Africa’s growth gap

Four investment professionals discuss whether funds targeting Africa’s ‘missing middle’ – businesses whose funding needs are too large for microfinance but too small for other institutions – are just development projects in disguise or an investment opportunity not to be missed.

Africa’s “missing middle” is the subject of much debate.

At PEI’s inaugural Africa Forum, which took place in London this month, four investment professionals with involvement in the African mid-market came together to discuss this segment of the market: arguably the heartbeat of the African economy. Does it offer a genuine commercially viable investment opportunity? Or is it simply window-dressing for an aid agenda?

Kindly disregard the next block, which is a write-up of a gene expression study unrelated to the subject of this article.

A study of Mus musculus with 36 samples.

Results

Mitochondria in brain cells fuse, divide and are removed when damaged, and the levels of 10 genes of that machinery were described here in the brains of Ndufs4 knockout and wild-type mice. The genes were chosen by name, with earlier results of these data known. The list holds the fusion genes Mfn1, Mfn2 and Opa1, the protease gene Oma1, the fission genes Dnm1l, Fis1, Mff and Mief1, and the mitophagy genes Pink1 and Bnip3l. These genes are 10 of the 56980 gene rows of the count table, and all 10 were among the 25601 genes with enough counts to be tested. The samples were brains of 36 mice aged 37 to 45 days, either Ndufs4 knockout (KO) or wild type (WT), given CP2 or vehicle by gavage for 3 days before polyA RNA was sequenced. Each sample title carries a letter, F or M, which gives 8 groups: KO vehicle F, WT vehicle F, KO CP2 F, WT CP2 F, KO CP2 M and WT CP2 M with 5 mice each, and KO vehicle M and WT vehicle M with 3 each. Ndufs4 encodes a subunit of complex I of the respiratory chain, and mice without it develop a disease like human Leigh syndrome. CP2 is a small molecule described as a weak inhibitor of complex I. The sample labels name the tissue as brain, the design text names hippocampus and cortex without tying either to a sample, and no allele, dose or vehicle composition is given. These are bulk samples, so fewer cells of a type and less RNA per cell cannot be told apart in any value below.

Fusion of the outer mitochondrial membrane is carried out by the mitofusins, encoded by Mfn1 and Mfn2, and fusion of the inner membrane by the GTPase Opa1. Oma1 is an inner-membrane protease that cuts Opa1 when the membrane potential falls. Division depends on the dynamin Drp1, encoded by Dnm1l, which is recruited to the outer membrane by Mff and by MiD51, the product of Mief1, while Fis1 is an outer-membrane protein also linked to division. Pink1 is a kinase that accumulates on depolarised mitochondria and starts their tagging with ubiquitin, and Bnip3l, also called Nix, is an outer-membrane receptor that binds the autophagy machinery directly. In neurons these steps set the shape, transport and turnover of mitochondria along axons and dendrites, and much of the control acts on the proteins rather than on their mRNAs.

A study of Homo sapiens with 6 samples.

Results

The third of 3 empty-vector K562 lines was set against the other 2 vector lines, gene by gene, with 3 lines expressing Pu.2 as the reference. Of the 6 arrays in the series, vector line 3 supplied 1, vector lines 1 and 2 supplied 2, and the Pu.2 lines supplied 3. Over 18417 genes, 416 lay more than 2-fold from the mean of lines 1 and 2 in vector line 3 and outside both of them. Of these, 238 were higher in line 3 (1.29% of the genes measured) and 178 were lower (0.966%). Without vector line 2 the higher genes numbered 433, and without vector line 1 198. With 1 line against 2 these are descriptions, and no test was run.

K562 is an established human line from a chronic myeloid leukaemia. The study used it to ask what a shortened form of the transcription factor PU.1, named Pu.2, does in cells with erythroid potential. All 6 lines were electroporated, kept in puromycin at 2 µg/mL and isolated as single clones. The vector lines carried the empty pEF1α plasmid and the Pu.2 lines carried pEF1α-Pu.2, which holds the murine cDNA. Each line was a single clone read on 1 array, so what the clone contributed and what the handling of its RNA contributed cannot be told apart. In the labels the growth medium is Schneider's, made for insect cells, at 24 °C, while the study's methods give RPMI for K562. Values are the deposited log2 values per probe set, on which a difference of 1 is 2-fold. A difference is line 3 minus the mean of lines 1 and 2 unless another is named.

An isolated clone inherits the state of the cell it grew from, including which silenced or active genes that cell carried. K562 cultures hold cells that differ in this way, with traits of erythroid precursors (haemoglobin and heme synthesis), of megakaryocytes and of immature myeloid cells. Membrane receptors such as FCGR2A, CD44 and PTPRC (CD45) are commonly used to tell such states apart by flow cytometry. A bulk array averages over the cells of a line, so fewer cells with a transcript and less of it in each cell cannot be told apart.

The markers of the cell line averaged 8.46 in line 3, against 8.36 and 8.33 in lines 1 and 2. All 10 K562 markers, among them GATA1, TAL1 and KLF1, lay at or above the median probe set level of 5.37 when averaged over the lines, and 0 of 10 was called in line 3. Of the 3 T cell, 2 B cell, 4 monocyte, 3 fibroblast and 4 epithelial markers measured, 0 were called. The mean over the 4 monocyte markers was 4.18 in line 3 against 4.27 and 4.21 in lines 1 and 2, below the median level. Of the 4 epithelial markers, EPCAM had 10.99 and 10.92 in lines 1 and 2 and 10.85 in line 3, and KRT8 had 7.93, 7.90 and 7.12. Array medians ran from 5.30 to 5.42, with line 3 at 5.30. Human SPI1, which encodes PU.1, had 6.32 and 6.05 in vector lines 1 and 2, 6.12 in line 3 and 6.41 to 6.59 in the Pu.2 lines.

The four panellists are:

Coco Ferguson, partner at Maris Capital, describes how these smaller funds can be considered the “truffle pigs”, sourcing tomorrow’s deal flow for the more established funds. Maris operates in post-conflict and frontier African markets, such as South Sudan and Mozambique;

Tom Cairnes, founder and director of ManoCap, which also invests in post-conflict and emerging African nations, such as Sierra Leone;

Piers Cumberlege, president of advisory firm Straightview, which is currently helping establish a SME-focused fund for Lundin for Africa, the philanthropic arm of the Lundin Group of Companies;

Alexander Dixon, vice president of Africa for Small Enterprise Investment Funds (SEAF), a global private equity and mezzanine fund management firm focused on the emerging markets.